Here's some important pointers to help you chart your course and grow your long-term wealth across global markets.
Short-term volatility is a normal part of the investment process. Markets can fluctuate in response to headline-grabbing news, but this doesn't necessarily derail long-term growth.
Significant market recoveries have historically occurred after major setbacks – including economic downturns and geopolitical events. That's why it's important to avoid panic selling during volatile periods, especially if you want to avoid missing out on a potential market recovery.
For instance, if you had invested USD10,000 in equities in 2006, it would have taken a big hit during the 2008 financial crisis. But if you held on to your investment it would have grown to USD17,182 by the end of 20151, thanks to the market's healthy recovery.
When things get rocky, it might be tempting to exit the market to avoid further losses. But history has shown that financial markets go up in the long run despite short-term fluctuations. And if you react to the immediate crests and troughs, you might end up buying high and selling low.
Though the indices don't always follow the same recovery path, the period after a correction is often a critical time to be in the markets. So staying invested for the long haul tends to offer higher return potential.
Source: Bloomberg, as of 31 December 2018, calculated by rolling returns in USD within 1-year, 3-year, 5-year and 10-year timeframes. Index used: MSCI AC World Total Return Index. Past performance is not an indication of future returns. The performance may go down as well as up.
It's something you'll hear again and again when it comes to investment: "Don't put all your eggs in one basket". Asset diversification can lower your overall portfolio risk, as separate asset classes often perform differently under various market conditions.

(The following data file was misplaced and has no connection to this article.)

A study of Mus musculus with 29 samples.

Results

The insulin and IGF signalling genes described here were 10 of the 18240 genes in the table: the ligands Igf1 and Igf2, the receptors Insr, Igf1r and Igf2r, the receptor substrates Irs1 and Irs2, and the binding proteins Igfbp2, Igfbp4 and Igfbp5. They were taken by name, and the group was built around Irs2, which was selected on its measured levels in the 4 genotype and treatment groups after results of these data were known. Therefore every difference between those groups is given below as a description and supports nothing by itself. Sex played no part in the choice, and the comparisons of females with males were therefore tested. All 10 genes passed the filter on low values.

Investing in only one type of asset class can be more risky as its performance can fluctuate significantly within a short period of time. For instance, the MSCI Emerging Market Equity index was the best-performing asset class in 2017 with 37.28% return, but it went on to become the worst performer in 2018 with -14.58% return2.
Combining assets with diverse characteristics marries the risks and potential rewards of different investments. A lower return in one type of asset may be compensated for by a gain in another.
Don't be passive in the face of market declines. Instead, see them as chances to act. When market sentiment is low, valuations are often driven down as people sell. But that provides golden investment opportunities for savvy investors.
Though no one can predict market movements, periods when many investors are overwhelmingly negative often turn out to be the best times to invest.
From 1996 to 2018, prices in the market have fluctuated regularly. The market had significant downturns in the 2008 financial crisis and 2011 European sovereign debt crisis. However, the market also soared to a price-to-book ratio of 2.7X by the end of 20183.
What's the best way to overcome market fluctuations? By making regular fixed investments. Buying more units when prices are low and fewer units when prices are high reduces the risk of investing a lump sum at the wrong time.
This is called "dollar-cost averaging", and it can help smooth out your investment journey. It also provides a longer time frame for your investments to grow.
The right approach can help you weather the challenging conditions and capitalise on the opportunities of volatile markets. With our portfolio of investment solutions, you can make confident, knowledge-backed decisions to achieve your wealth ambitions.
2 Source: Morningstar, HSBC Global Asset Management, data from January 2010 to December 2020. All returns in USD, total return.
3 Source: Bloomberg, MSCI AC World Daily Total Return Index, data as of 31 December 2020.